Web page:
By Center for the Study of Traumatic Stress


In the face of a global pandemic, the health and safety of hospital workers is critical to our ability to mitigate the impact of a new coronavirus, COVID-19.

Hospital workers often get less than the recommended 7–9 hours of sleep per night and may need to work around-the-clock hours. Increased demand on healthcare systems will alter schedules further

Sleep and circadian disruption can have negative health and safety consequences including impaired immune function and increased accidents and errors

Sleep is a tool that you can utilize to help your body fight off infection, maintain health and perform at its best, which will have a positive impact on the health and well-being of your patients.

As a hospital worker, you can take steps to ensure healthy sleep from the moment you wake up by following the guidelines below:

Make Sleep a Priority

Upon waking, get at least 15–60 minutes of bright light. Natural sunlight is best, or any bright or blue-enriched light source (e.g., light box, bright indoor lights). This signals to your biological clock that it’s time to start the day.

Exercising closer to wake-time can signal daytime and improve sleep quality. Avoid intense exercise close to bedtime and when you are sick.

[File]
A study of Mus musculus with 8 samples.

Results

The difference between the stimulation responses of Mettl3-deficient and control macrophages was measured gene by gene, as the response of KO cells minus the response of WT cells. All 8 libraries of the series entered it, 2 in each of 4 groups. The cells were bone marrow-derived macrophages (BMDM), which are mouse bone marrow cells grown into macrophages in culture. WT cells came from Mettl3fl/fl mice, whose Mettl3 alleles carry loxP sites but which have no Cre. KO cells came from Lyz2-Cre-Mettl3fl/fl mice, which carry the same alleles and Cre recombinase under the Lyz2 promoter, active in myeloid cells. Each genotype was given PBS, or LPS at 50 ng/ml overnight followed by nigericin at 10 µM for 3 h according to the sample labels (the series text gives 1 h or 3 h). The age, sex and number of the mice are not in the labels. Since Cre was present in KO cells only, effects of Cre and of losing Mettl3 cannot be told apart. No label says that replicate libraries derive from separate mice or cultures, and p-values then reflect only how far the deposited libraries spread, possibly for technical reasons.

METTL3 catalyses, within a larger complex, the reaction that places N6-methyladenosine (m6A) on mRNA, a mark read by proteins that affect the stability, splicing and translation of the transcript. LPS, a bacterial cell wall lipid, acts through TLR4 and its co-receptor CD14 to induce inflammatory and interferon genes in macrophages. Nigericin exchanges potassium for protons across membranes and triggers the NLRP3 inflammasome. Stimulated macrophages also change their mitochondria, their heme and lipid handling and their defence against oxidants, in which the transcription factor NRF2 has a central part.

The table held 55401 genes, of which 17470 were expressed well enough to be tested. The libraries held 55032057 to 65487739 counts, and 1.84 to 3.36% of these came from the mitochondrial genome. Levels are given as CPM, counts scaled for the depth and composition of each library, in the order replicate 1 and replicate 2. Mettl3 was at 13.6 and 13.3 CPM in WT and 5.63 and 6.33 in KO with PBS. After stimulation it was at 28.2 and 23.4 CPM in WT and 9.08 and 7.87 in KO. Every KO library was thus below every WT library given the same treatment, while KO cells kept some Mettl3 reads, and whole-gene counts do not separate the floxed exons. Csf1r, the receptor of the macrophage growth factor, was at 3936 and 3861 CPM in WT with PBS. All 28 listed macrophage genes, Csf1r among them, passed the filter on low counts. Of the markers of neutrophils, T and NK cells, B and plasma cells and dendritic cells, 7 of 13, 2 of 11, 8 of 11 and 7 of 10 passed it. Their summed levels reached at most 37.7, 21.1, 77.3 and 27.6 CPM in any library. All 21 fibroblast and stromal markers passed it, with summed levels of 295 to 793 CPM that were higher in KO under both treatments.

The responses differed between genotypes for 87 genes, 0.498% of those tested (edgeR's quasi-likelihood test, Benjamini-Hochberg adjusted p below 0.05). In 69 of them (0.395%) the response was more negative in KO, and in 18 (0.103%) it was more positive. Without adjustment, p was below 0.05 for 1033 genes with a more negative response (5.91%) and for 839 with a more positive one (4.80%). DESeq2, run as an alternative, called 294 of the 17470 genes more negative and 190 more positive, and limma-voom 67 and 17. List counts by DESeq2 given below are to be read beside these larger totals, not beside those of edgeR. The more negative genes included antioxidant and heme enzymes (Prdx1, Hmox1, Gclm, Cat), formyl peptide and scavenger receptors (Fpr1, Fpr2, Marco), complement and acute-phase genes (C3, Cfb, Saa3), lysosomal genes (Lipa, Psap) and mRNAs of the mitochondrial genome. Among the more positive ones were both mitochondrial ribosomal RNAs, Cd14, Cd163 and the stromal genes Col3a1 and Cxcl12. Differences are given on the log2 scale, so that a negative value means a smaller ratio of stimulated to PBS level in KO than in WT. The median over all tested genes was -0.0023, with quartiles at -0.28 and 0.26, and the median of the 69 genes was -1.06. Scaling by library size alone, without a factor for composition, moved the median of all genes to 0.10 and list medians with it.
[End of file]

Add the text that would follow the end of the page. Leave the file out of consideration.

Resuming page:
Take naps and consider “banking” your sleep. Even short naps (<20 minutes) can improve alertness, performance, and memory. Longer naps (>60 minutes)or extending sleep can make up for lost sleep or prepare you for anticipated sleep loss with a difficult shift.

Use caffeine judiciously. It can help keep you awake when tired, but those effects remain for hours and can interfere with your ability to fall sleep. Therefore, try not to consume caffeine within ~6 hours of your desired bedtime. Also, caffeine may become less effective when consumed too often, which means it won’t be as useful at times when you really need it.

Limit alcohol before bed. It may be sedating at first, but it disrupts your sleep quality.

Keep a regular sleep and wake-time schedule as much as possible, even on your days off. This helps keep your sleep and circadian systems in sync and minimizes a physiological “jet-lag.”

Create a regular bedtime routine of quiet activities, like taking a warm shower, reading, brushing your teeth and ending with relaxation exercises, to get your mind and body ready for sleep.

Limit alerting activities close to bedtime, especially light (e.g., screens), caffeine, exercise & work.

Optimize your sleep environment. Keep it DARK, cool, quiet & comfortable. Use eye masks or dark-out curtains, and turn your screens off to foster a biological night.